To Tweet or Not to Tweet…

January 14, 2009

in mark my word: twitter will doom us all

Upon learning my having joined the latest phenom which is Twitter, my male co-workers asked me point blank, But, WHY?

Why not just use emails if you want to talk to people you know? Why not use TXT? You can email to an entire group of people if that’s your reasoning for using Twitter (“one to many” instant communication)

Or, is your intention of letting strangers know what you are doing at any given minute? Waiting in line in the grocery store? Watching TRM at airport lounge?

Why? What is the rational excuse for this? Or even, the psychological needs behind this?

Excuses I use for being on Facebook, despite not having lots of “friends” (or Peeps) nor being a teenager, nor leading an active interesting life, cannot even be applied to Twitter: I can share pictures with people that I know on Facebook, only when they want to know; I am not shoving my cute kids’ pictures down anybody’s throat. And my friends may not want to know that I have been up to on a daily basis (for some, perhaps once-a-year Christmas cards have been adequate?) , but if they check my Facbook status, again, only when they want to, they can see that I have been traveling a lot more for business and that my husband is traveling around the world for his own consulting gig.

No. The same rational does not apply to Twitter. So why indeed?

I happened to read an article in Spectrum, the less-techy (and more Wired-like version of IEEE’s publication), in the current issue: “To Twitter or Not to Twitter” by Robert Lucky (I wonder whether he gets teased for his last name a lot…)

(Right off the bat, the author showed his Newbie status by not using the correct verb “Tweet”… But it’s the type of endearing mistakes that anybody over 30 in this day and age could relate to…)

He mentioned his puzzlement over a young speaker’s Tweeting about “waking up in the morning now”. Any sensible (perhaps older person) would ask, “Why would anybody want to know?” And if they want to know, can’t you call them? TXT them?

This new need experienced by the Internet-generation to be connected to the World all the time is intriguing to me, and I doubt that our children ever even stop and ponder at the wonder of this. To them this is part of existence, “I TXT, therefore I am.” The real grown-ups say this now often as a gentle tease, but there is truth in this saying. “I am Connected on the Web, therefore I am.” A life that is not documented is not worth living.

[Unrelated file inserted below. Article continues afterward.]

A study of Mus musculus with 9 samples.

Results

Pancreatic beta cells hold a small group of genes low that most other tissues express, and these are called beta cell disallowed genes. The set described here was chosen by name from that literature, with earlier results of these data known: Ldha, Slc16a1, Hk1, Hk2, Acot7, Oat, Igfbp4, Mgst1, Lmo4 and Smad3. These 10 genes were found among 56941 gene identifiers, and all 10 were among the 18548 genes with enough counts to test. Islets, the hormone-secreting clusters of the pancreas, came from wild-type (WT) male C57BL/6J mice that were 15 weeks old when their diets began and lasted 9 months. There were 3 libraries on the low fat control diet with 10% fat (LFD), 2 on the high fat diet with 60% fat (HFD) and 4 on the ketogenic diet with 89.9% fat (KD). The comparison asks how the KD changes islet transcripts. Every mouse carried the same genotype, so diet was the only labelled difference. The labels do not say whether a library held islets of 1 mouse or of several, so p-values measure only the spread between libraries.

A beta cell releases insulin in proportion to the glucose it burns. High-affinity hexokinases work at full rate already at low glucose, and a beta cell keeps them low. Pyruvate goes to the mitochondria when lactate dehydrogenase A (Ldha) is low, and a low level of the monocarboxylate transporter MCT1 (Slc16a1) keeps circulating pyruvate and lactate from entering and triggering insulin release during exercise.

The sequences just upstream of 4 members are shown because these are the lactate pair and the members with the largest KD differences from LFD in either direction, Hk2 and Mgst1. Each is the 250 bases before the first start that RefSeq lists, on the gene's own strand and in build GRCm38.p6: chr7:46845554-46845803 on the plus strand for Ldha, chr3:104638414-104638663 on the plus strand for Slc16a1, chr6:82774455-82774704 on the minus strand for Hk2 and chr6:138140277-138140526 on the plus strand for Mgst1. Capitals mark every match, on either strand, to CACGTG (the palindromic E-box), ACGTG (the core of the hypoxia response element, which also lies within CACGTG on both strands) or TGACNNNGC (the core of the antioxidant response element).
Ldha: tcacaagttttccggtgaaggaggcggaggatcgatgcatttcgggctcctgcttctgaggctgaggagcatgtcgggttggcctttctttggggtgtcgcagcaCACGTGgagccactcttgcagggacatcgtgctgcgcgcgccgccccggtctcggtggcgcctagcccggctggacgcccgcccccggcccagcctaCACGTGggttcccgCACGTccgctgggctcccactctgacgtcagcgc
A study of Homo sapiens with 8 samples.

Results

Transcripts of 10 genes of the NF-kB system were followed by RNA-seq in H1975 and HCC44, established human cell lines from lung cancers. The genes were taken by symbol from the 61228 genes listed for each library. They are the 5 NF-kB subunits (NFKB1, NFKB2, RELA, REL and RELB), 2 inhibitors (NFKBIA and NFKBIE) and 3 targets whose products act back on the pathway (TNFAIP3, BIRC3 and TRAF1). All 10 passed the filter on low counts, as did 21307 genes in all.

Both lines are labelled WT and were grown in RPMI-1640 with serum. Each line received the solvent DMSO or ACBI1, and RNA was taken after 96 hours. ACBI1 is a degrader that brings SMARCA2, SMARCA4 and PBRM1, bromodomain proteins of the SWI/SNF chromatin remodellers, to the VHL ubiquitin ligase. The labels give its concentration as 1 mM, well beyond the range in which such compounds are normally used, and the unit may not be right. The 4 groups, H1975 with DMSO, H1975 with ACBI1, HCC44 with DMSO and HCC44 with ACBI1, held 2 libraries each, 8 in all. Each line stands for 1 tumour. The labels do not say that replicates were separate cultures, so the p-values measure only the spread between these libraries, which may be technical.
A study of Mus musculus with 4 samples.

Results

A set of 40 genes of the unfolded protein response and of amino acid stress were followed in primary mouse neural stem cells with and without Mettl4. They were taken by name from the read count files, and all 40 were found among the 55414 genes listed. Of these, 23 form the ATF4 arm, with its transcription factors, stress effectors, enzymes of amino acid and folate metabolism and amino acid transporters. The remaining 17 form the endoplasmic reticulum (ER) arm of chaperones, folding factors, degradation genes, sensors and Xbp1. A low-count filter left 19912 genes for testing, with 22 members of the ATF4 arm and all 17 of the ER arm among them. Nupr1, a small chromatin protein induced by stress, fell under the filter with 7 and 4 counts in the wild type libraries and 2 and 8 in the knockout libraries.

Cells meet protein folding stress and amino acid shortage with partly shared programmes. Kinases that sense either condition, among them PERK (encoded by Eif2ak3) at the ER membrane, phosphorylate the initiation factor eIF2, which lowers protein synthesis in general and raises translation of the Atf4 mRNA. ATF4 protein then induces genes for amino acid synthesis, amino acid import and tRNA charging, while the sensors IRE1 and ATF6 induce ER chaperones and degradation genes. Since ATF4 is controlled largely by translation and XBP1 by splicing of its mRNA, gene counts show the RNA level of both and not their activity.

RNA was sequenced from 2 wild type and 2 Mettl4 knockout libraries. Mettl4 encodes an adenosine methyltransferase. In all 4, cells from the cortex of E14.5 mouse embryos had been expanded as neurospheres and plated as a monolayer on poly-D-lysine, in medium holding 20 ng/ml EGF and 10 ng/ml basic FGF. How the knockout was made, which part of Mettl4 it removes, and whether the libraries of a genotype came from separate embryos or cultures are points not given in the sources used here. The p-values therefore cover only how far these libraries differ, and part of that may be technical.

Excerpt from Mr. Lucky’s article:

“Twitter, the social-networking Web site that allows users to broadcast short text messages to a group of friends, has burst into popularity with millions of subscribers. I’m a confirmed e-mail user, but that’s so 20th century. I feel a certain pressure to get with it. So, to Twitter or not to Twitter? I view it as a question for the ages—the ages of the users, that is.

It was my generation of engineers that created the Internet, but it is largely today’s youth who are molding the social connectedness that is coming to characterize cyberspace. These are the so-called digital natives, who grew up with the Internet already a part of everyday life. They’re always online, inhabiting multiple identities, living a culture of sharing and peer collaboration. For them, multitasking is just the way it is. We older engineers built cyberspace, but our kids live in it, and for many of them the technology is transparent and almost irrelevant.

So as a digital immigrant, already an adult as the new culture was forming, I am amazed at what I see. At a recent meeting a young speaker casually mentioned that every morning he Twitters that he has just woken up. Alarm bells went off in my head. I thought about the fact that several scores of people are going to read a message that this guy has awakened. Isn’t this is an incredible waste of time for everyone involved? But a more unpleasant thought also formed in the back of my head—the worry that no one would care that I myself had just arisen. There must be some social consequence that I’m missing. An older acquaintance told me that he had been using Twitter and that after a week he had begun to feel a sense of connectedness.”

Mr. Lucky referenced two cartoons published by The New Yorker 12 years apart to illustrate how things have changed through the years, and how things have not really: these priceless (and thought-provoking) cartoons can be found here:

“On the Internet, nobody knows you’re a dog.” (A dog, sitting at a computer terminal, talking to another dog.)  Published in The New Yorker 5 July 1993 by Peter Steiner.

“I had my own blog for a while, but I decided to go back to just pointless, incessant barking.” (One dog talking to another.) by Alex Gergory, The New Yorker, 12 September 2005.